Thursday, January 22, 2015

Greater Plymouth Area, Wisconsin: Collaborating for a Common Purpose - 2015 Best Intergenerational Communities

Collaboration is the lifeblood of Greater Plymouth Area, Wisconsin. Every success story there is about a community pulling together to help all ages.

In 1985, they developed their first intergenerational program after Here We Grow Child Care Center mixed their activities with the Plymouth Senior Center, South Horizons Apartments and Valley Manor Nursing Home.

Today, the intergenerational activities are at Generations, a 28,000-square-foot facility on a seven-acre campus.
Middle school students, bused there after classes, play board games, Wii, pool and ping pong with the older adults.

Longtime resident, Doreen Salkowski, remembered teaching three teens how to play Canasta, a card game from Uruguay.

“Boy, they struggled, but they felt accomplished when they were finished!” Salkowski explained. “They still tell me how they enjoyed learning to play.”

The Plymouth Intergenerational Coalition’s Programming Committee, which meets monthly, suggests programs, monitors levels of intergenerational activities and shares information to build community awareness.

Donald Krauss – a longtime resident moved by the community's work for all ages – left the Plymouth Intergenerational Coalition, the library and the Plymouth Senior Center nearly $600,000 in his will. 

“He really believed in Greater Plymouth Area’s intergenerational concept,” explained Marsha Vollbrecht, Generations founder. 

Donna Counselman, a retired educator, saw first-hand an intergenerational activity transform an older adult, who once held negative stereotypes of teens.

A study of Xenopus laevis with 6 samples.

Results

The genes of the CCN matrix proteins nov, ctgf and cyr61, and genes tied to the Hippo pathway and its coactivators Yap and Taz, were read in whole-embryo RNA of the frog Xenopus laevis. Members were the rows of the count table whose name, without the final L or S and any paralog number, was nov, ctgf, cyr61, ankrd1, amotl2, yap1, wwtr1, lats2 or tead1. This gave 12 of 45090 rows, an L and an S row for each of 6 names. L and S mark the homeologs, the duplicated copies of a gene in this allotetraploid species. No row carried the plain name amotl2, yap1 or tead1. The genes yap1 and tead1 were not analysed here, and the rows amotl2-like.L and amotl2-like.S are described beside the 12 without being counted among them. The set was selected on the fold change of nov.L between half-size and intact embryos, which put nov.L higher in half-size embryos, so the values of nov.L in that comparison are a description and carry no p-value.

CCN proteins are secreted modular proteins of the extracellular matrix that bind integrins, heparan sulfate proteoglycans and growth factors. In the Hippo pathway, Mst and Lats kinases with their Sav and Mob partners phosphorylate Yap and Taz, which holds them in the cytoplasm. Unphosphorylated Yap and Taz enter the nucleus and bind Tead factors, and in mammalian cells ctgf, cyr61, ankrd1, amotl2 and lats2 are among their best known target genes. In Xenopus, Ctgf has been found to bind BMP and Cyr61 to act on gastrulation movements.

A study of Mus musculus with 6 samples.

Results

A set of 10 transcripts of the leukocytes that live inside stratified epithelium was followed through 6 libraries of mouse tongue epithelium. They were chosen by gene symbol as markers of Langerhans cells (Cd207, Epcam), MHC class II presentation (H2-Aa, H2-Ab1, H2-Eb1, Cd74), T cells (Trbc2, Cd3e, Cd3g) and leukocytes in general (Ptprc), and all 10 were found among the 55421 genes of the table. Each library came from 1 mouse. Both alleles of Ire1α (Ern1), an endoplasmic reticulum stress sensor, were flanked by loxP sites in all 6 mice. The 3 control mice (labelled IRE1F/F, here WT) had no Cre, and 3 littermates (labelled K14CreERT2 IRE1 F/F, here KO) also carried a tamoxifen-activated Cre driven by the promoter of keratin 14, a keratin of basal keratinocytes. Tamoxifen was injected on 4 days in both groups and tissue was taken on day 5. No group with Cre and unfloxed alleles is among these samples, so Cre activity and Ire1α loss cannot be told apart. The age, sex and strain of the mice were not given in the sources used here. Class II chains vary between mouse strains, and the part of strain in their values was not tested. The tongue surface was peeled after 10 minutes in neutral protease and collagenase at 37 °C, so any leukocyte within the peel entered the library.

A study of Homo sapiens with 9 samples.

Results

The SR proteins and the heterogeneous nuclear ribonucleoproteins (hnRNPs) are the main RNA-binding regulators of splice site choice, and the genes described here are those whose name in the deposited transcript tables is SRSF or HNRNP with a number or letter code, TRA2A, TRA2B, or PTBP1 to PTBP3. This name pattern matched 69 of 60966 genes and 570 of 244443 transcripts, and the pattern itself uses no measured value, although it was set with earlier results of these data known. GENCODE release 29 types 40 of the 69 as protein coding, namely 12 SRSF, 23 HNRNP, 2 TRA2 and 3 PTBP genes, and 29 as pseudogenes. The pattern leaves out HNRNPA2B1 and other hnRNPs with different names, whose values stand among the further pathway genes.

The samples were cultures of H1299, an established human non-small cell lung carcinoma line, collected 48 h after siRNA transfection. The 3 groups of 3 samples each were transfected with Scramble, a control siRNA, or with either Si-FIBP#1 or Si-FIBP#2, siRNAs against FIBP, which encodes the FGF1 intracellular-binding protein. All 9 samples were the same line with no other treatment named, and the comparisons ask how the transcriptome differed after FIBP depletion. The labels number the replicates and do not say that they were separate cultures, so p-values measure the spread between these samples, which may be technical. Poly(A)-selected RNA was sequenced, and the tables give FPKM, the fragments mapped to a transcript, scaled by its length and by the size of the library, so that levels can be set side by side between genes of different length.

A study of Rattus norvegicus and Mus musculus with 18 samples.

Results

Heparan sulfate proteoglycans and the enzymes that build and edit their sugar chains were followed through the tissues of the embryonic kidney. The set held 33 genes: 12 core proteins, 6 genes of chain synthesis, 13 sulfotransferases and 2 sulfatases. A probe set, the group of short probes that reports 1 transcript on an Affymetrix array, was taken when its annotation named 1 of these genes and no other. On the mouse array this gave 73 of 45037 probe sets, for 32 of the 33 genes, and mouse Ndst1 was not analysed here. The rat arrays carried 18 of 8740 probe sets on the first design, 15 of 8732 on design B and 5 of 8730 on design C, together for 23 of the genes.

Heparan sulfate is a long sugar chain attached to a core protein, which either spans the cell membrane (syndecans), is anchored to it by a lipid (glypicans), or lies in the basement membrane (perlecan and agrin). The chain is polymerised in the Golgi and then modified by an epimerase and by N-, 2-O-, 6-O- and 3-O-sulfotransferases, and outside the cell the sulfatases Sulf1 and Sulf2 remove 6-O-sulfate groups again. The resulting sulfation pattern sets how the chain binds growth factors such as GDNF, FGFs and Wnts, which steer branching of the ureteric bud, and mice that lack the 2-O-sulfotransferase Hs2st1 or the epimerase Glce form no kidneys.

“Sometimes the news makes me think that all teenagers are bad people,” the woman told Counselman. After watching 13-year-olds in the Head Start Pals group read to 3-year-olds, she said: “I certainly can see this is not the case in our community!”

Another activity all ages enjoy is the New Year’s Eve “Cheese Drop”.

“There is free coffee and hot chocolate for revelers who brave the cold and come downtown,” Vollbrecht recalled. 

Greater Plymouth Area knew they qualified for the 2015 Best Intergenerational Community Awards

“We are not shy about sharing successes,” noted Joann Van Horn Wieland, executive director of Generations.

A huge success is Generations, a $4.2 million project funded by a public/private campaign that brought all ages together through through bake sales, collecting aluminum cans, and a community party with raffles and a silent auction. 

Funds were raised from large companies and donors, along with a few dollars donated by every day citizens.

Additionally, $1.1 million came from a stimulus grant and $15,000 came from the State of Wisconsin Department of Commerce, which was established to help with a community needs assessment.

The local restaurants got involved, hosting “Guest Bartender” nights, where residents worked the bars. In exchange, the restaurants offered matching funds. 

When Generations paid off its mortgage two years after it opened, all ages celebrated with a mortgage-burning party.

“We are very proud of what we have worked on for so many years,” explained Wieland, who also noted the Endowment Fund the community established for its intergenerational programs.

Greater Plymouth Area is still in high spirits since the news of being a 2015 Best Intergenerational Communities Award winner.

“I was so thrilled,” Wieland recalled, “that I was hugging people, sharing the news with seniors in our exercise classes.”

When she shared the news at the Board meeting, Vollbrecht, Generations founder, jumped out of her seat and cheered.

Greater Plymouth Area hopes the award will bring more financial resources from existing and new partners.